How can a building be like a mixed tape?
In the age of hip hop, we think nothing of mashing together bits and pieces of different tracks to come up with something both new and familiar at the same time.
Lift a beat here, add a bass line from over there and throw in a vocal track from that other place and you’ve got a brand new joint… that somehow sounds like the old joint, too.
Nothing new about musical mashups and remixing.
But what if you applied that idea to architecture?
“I couldn’t get those kind of details with my cheesy clients. They didn’t have any money.” – Frank Gehry
The young guns of LA architecture came of age during the artistic explosion of the 1960s and 1970s. Surrounded by ground-breaking artists creating a whole new way of thinking about sculpture, performance and images, these architects were anxious to apply the new ideas to their own work.
The architectural style which became known as postmodernism was as much about a lack of money as it was about artistic vision.
No budgets and few resources meant that architects like Frank Gehry couldn’t achieve the Viennese perfection of his predecessors. Instead, he chose to use unorthodox materials such as corrugated aluminum, chain link fencing and raw plywood to create his designs. These building materials were easy to find, cheap to buy and made a wry comment on the industrial sprawl which weaves throughout Los Angeles.
One of Gehry’s first experiments was his own house in Santa Monica.
Frank Gehry: Architectural DJ
Beginning as a modest pink bungalow on a street stuffed with other modest pink bungalows, Gehry completely transformed his home. He literally wrapped the building in metal sheets and fencing. Cutaways revealing the original structure slashed across the facade. It became a house within a house. Gehry credits Rauschenberg’s combines as inspiration for his own architectural collage and with giving him permission to not only think outside the box, but to break the box entirely.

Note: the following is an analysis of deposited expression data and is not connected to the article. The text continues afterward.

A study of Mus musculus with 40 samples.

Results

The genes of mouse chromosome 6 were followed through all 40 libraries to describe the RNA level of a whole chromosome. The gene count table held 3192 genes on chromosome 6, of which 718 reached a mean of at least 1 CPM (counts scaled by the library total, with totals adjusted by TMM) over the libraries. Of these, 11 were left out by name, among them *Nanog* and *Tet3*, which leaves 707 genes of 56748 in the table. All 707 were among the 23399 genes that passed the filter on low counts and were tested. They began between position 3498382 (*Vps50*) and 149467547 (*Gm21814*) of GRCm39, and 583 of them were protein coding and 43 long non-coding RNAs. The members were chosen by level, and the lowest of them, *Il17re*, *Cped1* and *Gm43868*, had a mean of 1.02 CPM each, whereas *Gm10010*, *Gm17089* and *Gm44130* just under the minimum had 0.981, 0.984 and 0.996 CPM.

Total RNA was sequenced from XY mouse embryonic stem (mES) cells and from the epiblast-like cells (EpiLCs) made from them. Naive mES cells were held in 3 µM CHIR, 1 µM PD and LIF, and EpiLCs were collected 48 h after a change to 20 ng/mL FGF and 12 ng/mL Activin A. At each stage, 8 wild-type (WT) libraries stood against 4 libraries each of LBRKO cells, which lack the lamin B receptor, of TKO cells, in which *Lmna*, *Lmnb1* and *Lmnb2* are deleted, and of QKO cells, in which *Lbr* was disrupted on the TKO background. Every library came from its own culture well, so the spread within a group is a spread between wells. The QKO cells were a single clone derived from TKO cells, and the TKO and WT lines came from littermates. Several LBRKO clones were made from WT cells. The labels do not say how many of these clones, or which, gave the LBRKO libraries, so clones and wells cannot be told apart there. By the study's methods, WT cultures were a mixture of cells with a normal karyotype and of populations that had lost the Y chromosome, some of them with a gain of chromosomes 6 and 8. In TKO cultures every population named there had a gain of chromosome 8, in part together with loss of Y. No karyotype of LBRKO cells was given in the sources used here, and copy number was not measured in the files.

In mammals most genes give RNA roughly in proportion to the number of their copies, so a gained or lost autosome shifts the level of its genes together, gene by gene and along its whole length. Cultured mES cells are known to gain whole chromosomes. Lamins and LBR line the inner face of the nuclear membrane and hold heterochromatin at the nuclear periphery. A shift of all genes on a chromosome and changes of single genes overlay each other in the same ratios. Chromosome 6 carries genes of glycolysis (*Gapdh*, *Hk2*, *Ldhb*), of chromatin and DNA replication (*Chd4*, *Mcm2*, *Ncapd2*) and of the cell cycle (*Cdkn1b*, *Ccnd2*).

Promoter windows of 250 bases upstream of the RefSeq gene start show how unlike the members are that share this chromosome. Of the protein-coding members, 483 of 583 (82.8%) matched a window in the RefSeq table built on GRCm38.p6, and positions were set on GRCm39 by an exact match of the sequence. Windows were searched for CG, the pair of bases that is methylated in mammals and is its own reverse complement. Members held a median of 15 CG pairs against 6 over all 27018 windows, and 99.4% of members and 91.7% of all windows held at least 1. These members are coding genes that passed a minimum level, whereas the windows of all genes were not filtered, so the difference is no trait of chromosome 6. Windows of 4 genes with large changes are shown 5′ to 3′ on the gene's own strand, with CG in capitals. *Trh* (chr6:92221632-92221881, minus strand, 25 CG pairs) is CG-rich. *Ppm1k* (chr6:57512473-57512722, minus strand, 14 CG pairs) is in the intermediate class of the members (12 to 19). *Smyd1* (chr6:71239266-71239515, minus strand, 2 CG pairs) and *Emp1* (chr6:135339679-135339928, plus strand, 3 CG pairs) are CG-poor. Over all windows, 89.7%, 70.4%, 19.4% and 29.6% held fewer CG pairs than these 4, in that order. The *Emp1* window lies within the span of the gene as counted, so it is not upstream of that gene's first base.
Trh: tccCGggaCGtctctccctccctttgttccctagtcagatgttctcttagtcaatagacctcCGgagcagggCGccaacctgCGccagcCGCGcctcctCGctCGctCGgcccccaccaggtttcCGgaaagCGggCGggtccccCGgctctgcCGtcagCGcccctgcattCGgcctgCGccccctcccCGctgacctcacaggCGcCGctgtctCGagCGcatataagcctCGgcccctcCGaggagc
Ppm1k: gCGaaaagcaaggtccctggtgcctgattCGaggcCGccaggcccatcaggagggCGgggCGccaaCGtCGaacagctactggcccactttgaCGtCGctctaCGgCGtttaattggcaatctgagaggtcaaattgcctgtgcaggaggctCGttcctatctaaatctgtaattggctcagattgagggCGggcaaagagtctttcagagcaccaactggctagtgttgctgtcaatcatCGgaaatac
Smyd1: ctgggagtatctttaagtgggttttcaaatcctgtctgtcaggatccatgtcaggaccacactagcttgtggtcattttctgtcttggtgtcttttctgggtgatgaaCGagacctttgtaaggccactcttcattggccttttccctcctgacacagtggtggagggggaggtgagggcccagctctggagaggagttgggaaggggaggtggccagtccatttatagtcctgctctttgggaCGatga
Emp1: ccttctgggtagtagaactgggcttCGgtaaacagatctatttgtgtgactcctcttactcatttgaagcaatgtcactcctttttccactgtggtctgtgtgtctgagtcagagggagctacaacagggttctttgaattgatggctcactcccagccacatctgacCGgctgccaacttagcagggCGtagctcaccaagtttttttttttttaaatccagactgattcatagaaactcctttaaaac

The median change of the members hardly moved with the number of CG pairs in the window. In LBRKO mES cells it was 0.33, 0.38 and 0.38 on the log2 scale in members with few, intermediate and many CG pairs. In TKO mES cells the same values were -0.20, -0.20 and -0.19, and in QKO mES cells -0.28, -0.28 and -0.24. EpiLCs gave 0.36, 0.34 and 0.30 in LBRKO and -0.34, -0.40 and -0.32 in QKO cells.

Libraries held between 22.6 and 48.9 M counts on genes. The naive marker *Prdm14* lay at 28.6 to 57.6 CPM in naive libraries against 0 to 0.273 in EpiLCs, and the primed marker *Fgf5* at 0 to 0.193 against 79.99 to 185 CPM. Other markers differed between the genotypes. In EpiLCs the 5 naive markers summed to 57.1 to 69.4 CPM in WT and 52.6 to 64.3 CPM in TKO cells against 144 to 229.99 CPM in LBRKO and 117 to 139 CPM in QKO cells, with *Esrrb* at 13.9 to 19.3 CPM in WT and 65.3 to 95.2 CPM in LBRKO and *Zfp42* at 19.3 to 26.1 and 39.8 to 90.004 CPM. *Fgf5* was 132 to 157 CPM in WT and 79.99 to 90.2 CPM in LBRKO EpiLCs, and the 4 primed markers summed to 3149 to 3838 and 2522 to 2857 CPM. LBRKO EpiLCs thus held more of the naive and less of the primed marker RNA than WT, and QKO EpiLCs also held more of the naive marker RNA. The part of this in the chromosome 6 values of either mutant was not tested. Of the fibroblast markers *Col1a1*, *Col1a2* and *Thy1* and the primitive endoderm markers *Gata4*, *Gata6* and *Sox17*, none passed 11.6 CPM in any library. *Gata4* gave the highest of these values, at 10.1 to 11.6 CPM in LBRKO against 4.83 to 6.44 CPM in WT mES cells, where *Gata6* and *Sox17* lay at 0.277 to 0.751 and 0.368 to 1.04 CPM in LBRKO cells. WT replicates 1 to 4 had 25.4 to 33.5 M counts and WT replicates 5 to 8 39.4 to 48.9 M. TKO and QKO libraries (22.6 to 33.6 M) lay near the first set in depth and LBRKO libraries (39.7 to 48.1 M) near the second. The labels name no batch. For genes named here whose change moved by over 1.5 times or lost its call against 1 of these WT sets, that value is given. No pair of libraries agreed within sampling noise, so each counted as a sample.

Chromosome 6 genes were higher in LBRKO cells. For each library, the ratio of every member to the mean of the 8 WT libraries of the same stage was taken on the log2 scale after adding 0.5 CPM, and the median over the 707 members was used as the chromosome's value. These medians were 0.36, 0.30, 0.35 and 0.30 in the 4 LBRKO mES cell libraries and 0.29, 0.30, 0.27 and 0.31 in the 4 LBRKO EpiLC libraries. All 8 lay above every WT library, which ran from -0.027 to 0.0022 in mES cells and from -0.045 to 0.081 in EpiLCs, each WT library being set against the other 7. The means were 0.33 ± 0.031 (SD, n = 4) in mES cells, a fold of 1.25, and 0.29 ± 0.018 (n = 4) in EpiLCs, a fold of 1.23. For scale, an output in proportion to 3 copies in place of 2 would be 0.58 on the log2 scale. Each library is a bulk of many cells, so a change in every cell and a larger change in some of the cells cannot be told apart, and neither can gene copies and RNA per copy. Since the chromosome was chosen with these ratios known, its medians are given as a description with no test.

Later, his uncompromisingly brash designs such as the Guggenheim Museum in Bilbao, Spain; the Chiat/ Day Building in Santa Monica and the Walt Disney Concert Hall in downtown Los Angeles made him one of the most famous architects of our time. His work also earned him as many critics as fans.
On his way to achieving architectural stardom, Gehry accepted smaller commissions as well.
One of those assignments included remodeling a stoic Cape Cod on Woodrow Wilson Drive.
From the outside, the 1940 wood-clapped home looks as if it just snatched from Connecticut suburb and dropped on the top of Laurel Canyon. The Kellerman-Krane Residence, named for its former owners, actress Sally Kellerman and director Jonathan Krane, was reimagined by a relatively unknown Frank Gehry in 1983.
Compared to his other works, this commission is quite restrained and even genteel.
What is surprising is how well it works.
Whereas many east coast homes exude a cozy, protective feel much like a favorite old sweater, Gehry’s rugged redesign creates space and light without losing the warmth. His remodel reflects the sunshine and open horizons that define the Southern Californian lifestyle.
One of the remarkable trademarks of a Frank Gehry is the sense of movement and dynamism in his creations.
Gehry still makes use of metal siding and the like, but in a way which blends subtly with the existing home. And his generous use of wood helps to retain the original spirit of the Cape Cod style.
Check out the clever use of a clerestory window that brings light into the room without drawing attention to itself.
Over the years, the home fell into disrepair. The current owners rescued the property a little over a year ago and gave the place a bright new facelift. Wisely, they refrained from disturbing Gehry’s intent which shines through in its current incarnation.
With five bedrooms, six bathrooms and a roomy, updated kitchen, the home should appeal to the needs of many modern homeowners.
The Kellerman-Krane Residence is currently offered for sale at $4,995,000.
Listing and photos courtesy of Rodeo Realty, John Galich and Daniel Schott.